Fashion Class 3 Critique with Faculty member Lynda Grose

Lynda Grose on re-imagining fashion at CCA

Chair of fashion design Lynda Grose discusses what makes CCA's fashion program different.

Lynda Grose, Chair of Fashion Design, discusses her new vision for the Fashion program at CCA with the CCA DESIGN IS editors.

What’s new for the Fashion Design program at CCA?

I envision Fashion Design to be a program where students conceptualize, develop, and construct designs by incorporating sustainability and technology fluidly.

Fashion Design at CCA is a lively and creative program that produces designers with a strong point of view, a deep understanding of the current times, and an ability to wear several hats in professional practice. Students are prepared to take charge in the real world by working with companies and nonprofits that advance and enable change—inspiring new forms of fashion practice. In CCA’s Fashion Design Studio, students design by working fluidly back and forth on a seam welder, using digital patterning equipment, developing experimental tactile textile development, draping on dress forms, and converting to VR programs, continuously checking in with construction, Humanities and Sciences, and design instructors at different points in time as needed.

At CCA, students are encouraged to find their own voice through experimental development early on, and work on ideas through advancement of technical skills that reflect in their individualized final collections. Our faculty members apply the techniques learned from their own practice and introduce experimental ideas into their classrooms. College grants further enable “research through practice” for cross-disciplinary collaboration between faculty and students, and disciplines and divisions at the college.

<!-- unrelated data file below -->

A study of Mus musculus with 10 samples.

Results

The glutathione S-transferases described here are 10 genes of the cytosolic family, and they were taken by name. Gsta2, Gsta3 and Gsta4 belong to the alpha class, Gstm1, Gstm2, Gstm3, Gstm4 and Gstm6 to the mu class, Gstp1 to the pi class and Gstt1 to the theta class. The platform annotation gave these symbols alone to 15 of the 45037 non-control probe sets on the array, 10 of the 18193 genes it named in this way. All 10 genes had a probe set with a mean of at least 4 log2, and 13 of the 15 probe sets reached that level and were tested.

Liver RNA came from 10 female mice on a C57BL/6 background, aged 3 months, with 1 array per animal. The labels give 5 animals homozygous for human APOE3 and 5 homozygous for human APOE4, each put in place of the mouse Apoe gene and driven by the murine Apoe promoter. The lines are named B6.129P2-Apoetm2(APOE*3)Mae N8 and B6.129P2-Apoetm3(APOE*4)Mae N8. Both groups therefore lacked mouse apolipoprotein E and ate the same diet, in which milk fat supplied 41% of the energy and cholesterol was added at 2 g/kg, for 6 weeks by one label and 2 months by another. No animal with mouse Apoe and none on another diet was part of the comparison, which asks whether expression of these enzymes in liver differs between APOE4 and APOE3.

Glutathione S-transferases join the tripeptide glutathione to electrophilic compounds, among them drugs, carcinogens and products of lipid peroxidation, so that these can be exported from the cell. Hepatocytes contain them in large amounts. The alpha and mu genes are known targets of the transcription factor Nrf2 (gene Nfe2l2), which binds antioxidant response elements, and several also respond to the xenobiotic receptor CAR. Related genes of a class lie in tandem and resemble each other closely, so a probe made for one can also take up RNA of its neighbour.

What makes Fashion at CCA different from other programs?

As a small program, we really pride ourselves on meeting students where they are in their learning journey and engage with them as the kind of learner they are. We provide individual attention and strategies to optimize student development as they evolve as designers. This is very different from larger schools, where there's more distance between students and instructors over the course of an academic year.

The size of our program also means that we don't have much 'filler' in the curriculum. Core classes really count, if you fail one, its another year before you can retake it.

We are very different in the way we offer cross discipline opportunities throughout the curriculum. Students, for example, have regular access to CCA's workshops, soft lab, knitting machines etc. Most other schools restrict the access to equipments specified to discrete track for textiles, ID, performance, etc.

Our program also drives students to produce a final thesis collection that expresses their own vision and point of view. This is very different from others, who might bring in a designer mentor for final thesis, requiring all graduating students to design within that particular circle of style.

All CCA students also have an opportunity to be a part of the final show. Most other schools limit the fashion show to a certain percentage of the graduating year.

What are the upcoming shows in Fashion Design?

This year’s show builds on last year’s fashion experience and departs again from the traditional runway spectacle. We are creating an installation format, a la Dover Street Market. It will be held at SOMArts on May 11, from 7pm onwards (with VIP reception starting at 6pm). Participants can view the collections on street cast and professional models, and hang out with the designers in the installation areas, talk with them about their concepts, view their portfolios, touch the clothes, and even purchase one of a kind iterative prototypes.